The UK stock market reaches a record high

financial planning
4 min
Professional man sitting at desk using a laptop and smiling

The UK's FTSE 100 share index soared to a record high amid signs of economic improvement.

The FTSE 100 hit an all-time high in April, driven by expectations of UK interest rate cuts and reduced tensions in the Middle East. Optimism was also fuelled by signs of improvement in the UK economy, including lower inflation and a return to growth after a brief recession at the end of 2023.

UK inflation dropped from 3.4% in February to 3.2% in the year leading up to March, its lowest level in two-and-a-half years. Some predict a significant fall in the next inflation report due to lower energy prices compared with the previous year. These figures bring inflation closer to the Bank of England's target of 2%, as it considers when to potentially start cutting rates. The Bank has hiked interest rates to a 15-year high of 5.25%. With inflation proving to be stickier than expected, the Bank could push interest rate cuts further down the line.

The UK economy saw modest growth in February, suggesting a possible exit from recession. GDP increased by 0.1%, mainly due to manufacturing production, following 0.3% growth in January. The economy contracted in the third and fourth quarters of 2023, putting the UK in a technical recession.

However, there are signs the job market is cooling, with a slight rise in unemployment and a decrease in job vacancies. The unemployment rate climbed from 3.9% to 4.2% between December and February, the highest in six months. Despite this, regular pay growth (excluding bonuses) was stronger than expected, reaching 6% in the three months up to February.

US inflation rises

Bond and share prices dipped after US inflation increased to 3.5% in March, up from 3.2% in February. This unexpected rise in inflation could reduce the likelihood of a rate cut by the US Federal Reserve (Fed) this summer. Additionally, with the inflation outlook worsening, consumer sentiment slightly declined in March.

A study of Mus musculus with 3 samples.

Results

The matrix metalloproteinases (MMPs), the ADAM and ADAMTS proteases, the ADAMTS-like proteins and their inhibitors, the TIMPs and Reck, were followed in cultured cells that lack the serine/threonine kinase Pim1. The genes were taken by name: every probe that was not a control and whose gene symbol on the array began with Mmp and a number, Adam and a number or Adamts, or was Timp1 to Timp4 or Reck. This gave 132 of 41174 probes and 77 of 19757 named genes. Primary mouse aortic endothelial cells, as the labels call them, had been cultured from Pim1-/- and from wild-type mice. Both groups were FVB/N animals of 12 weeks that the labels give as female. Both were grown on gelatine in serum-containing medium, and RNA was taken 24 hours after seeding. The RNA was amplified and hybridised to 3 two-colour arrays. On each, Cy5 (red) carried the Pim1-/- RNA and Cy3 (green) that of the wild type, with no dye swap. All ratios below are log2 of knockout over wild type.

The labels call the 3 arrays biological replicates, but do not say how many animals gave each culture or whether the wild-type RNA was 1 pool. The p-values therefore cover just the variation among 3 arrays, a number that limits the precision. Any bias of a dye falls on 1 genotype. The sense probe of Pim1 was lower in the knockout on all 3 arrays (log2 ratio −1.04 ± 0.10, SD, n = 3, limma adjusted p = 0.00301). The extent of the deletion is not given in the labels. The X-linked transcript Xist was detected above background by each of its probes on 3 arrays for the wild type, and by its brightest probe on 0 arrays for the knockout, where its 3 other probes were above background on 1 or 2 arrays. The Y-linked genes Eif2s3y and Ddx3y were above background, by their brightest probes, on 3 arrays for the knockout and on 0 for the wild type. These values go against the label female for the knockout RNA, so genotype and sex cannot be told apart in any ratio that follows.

Despite a slowdown in US GDP growth to 1.6% in the first quarter, the economy remains strong. In March, US employers added 303,000 jobs, and the unemployment rate dipped to 3.8%. The red-hot labour market could make the chance of rate cuts less likely if it pushes up wage growth, which would translate to higher consumer inflation. Furthermore, US retail sales surpassed expectations in March, providing more evidence of a solid end to the first quarter for the economy.

Fed chair Jerome Powell cautioned that persistently elevated inflation will probably delay any interest rate cuts until later this year. Core inflation, which excludes volatile food and energy, also rose sharply for a third straight month.

ECB might lower rates by summer

In March, euro area inflation dropped from 2.6% to 2.4%, raising expectations of an interest rate cut by the European Central Bank (ECB). European markets ended higher after the ECB kept interest rates steady at 4% and hinted at possible rate cuts if upcoming forecasts indicate easing inflation pressures.

The region's average inflation rate has fallen from a 2022 peak of 10.6% and is close to the central bank’s goal. Despite stronger than expected US inflation data and uncertainty over the Fed’s next move, the ECB has given strong signals that cuts are still on the way.

The euro area economy is gradually recovering from its downturn, with business activity picking up speed, especially in services, marking the fastest expansion in nearly a year. Although manufacturing still contracted, the private sector's economic activity in Europe bounced back in April.

The Eurozone Composite PMI Output Index rose to 51.4 from 50.3 in April – its highest level in 11 months. The German private sector also saw a return to growth, while the French economy stabilised.

China’s recovery gains momentum

China’s economy grew faster than expected at the beginning of the year, despite the deepening property crisis. GDP expanded by 5.3% in the first quarter, showing the economy's recovery from the pandemic is gaining momentum. Industrial production rose by 6.1% compared with last year, and retail sales increased by 4.7%.

Over the same period, property investment fell by 9.5% compared with a year earlier, highlighting the problems the industry still faces. The sector – which accounts for around 20% of the economy – remains sluggish due to debt issues despite a flurry of government measures to boost the industry. New home prices also fell at the fastest pace for more than eight years in March.

China's exports fell by 7.5% compared with the previous year, along with a fall in imports. Consumer prices also rose slightly by 0.1% in March, highlighting the challenges the government faces in boosting domestic demand.

China’s economy has stalled in recent years, hit hard by stringent Covid controls, a crisis in the debt-laden property sector and weaker global demand. As a result, the government is trying to move its economy away from real estate towards high end manufacturing.